Ipoh folk to decide market’s fate


ipapasar160817 9... The Pasir Pinji wet market.

IPOH: To the out-of-towner, the Pasir Pinji neighbourhood here is where you go for yong tau foo under the “Big Tree Foot”.

Or where you have to line up for the pastries outside a popular biscuits shop.

It’s also a political hotbed come every general election with rival camps battling it out for the votes of the mostly Chinese folk here.

But for now, the residents are dealing with a referendum: should the Pasir Pinji wet market in their midst be rebuilt and the traders locate elsewhere temporarily during the reconstruction?

A two-day public voting is being held to decide whether the 60-year-old dilapidated market should be rebuilt or to just let things be.

Counting of ballots is expected to take place after 5pm today.

The traders are divided over the rebuilding plan and the referendum will determine the outcome.

“Having to relocate to a temporary market (while the rebuilding takes place) is an issue,” said a trader, who only wished to be known as Chang, 47.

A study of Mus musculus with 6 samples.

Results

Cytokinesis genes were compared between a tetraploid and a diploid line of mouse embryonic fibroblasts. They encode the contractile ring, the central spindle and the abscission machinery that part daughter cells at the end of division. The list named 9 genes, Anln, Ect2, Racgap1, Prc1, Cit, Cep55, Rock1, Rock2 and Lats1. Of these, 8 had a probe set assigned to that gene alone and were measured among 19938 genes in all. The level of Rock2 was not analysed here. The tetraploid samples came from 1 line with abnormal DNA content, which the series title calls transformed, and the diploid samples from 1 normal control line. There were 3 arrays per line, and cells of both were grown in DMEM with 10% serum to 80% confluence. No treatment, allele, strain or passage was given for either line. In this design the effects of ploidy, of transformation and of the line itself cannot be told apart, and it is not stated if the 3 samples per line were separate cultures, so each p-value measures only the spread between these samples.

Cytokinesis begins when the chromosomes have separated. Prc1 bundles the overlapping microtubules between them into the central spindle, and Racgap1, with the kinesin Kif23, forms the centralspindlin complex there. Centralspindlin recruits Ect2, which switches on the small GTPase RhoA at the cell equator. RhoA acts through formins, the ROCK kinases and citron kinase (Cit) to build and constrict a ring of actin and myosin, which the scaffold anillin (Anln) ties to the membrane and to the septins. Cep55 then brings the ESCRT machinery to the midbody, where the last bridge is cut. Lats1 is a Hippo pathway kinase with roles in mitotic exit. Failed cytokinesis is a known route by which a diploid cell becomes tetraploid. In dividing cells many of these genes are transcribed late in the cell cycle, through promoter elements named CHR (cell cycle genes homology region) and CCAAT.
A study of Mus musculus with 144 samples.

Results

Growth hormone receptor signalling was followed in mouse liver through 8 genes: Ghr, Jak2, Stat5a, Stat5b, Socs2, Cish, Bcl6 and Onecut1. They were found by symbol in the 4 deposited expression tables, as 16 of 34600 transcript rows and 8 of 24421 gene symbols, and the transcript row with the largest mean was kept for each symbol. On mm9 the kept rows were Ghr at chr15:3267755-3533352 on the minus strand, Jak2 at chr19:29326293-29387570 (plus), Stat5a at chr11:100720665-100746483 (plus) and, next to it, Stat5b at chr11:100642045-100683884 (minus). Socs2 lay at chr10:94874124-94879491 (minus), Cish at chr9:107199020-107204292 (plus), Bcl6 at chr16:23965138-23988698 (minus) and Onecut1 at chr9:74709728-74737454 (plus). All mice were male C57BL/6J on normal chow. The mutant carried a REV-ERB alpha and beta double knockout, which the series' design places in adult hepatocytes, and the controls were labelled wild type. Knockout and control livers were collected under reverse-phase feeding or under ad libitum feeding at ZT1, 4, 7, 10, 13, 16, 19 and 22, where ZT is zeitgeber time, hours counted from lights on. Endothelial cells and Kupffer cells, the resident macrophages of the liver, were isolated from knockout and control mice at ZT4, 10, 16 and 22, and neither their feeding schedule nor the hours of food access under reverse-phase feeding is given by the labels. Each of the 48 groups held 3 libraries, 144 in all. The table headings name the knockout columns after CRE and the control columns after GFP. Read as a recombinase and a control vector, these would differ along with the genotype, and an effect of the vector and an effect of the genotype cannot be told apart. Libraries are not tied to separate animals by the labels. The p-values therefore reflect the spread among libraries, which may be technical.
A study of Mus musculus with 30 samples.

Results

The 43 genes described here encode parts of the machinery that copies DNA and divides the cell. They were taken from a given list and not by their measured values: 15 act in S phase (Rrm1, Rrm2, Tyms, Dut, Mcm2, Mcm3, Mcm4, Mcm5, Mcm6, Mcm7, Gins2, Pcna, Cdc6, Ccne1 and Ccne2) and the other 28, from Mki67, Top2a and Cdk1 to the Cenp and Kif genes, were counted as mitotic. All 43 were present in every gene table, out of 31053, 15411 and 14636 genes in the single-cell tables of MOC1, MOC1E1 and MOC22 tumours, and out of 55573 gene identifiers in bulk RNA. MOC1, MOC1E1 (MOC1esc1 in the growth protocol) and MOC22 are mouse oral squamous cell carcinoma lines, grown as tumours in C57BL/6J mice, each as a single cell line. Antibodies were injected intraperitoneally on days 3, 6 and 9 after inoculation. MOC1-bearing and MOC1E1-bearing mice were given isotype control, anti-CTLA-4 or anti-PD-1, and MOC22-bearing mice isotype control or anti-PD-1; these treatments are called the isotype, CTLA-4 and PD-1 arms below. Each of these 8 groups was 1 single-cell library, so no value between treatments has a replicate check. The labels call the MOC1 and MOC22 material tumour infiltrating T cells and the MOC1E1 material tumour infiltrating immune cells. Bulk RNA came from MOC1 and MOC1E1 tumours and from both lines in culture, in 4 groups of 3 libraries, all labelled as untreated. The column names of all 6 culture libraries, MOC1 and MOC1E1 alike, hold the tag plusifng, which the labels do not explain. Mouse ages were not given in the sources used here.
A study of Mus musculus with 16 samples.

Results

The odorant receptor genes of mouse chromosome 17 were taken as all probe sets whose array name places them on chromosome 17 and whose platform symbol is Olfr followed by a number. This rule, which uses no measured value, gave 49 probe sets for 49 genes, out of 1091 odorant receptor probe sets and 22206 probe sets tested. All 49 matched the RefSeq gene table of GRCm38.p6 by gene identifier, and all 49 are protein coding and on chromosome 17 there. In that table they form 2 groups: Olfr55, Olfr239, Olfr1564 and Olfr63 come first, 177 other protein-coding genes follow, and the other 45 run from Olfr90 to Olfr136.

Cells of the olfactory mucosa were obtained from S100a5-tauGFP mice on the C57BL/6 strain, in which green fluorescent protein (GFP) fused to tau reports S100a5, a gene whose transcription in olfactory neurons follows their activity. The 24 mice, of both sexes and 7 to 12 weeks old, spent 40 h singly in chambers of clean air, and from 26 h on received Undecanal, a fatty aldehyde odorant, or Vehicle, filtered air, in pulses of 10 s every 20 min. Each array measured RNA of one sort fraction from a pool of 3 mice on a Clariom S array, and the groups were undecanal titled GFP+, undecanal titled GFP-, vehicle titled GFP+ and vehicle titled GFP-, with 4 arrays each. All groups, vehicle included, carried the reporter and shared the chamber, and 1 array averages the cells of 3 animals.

Chang, who disagreed with the rebuilding of the market, said: “How will the traders move all their stalls, furniture and whatnot during the process?”

He is worried that he may not get back a lot with the same size should he be relocated to a new market.

“We are worried that the relocation process will affect our business,” he said.

City folk casting their ballot to determine the status of the 60-year-old Pasir Pinji market in Ipoh.
City folk casting their ballot to determine the status of the 60-year-old Pasir Pinji market in Ipoh.  

Chang felt that a minor renovation was all that was needed.

“The Ipoh City Council should just fix what needs fixing and carry out regular maintenance. That’s all this place needs,” he said.

The public voting process was called by Pasir Pinji assemblyman Howard Lee Chuan How to allow city folk to determine the fate of the market.

Some 10,000 ballot papers were printed for the exercise, which is conducted by the city council.

Another trader, Chee Loke Fatt, 56, said the government should not waste money to build a new market.

“Even with a new market, it will become dirty again after few years. So why build a new one?

“The city council hardly comes by to clean up the premises, so I don’t expect them to keep the new place clean either,” he claimed.

Chee said it was better for the allocated RM2mil to be used to build a temporary market to refurbish the current one.

Kuih seller Lie Mei Lee, 54, said she felt that it was necessary to rebuild the market.

“I was one of those who initially objected to the plan but after attending a public engagement session, I think it’s a good idea.

“The traders must look at the bigger picture. Nothing is troublesome if we are sincere in wanting the best for all,” she said.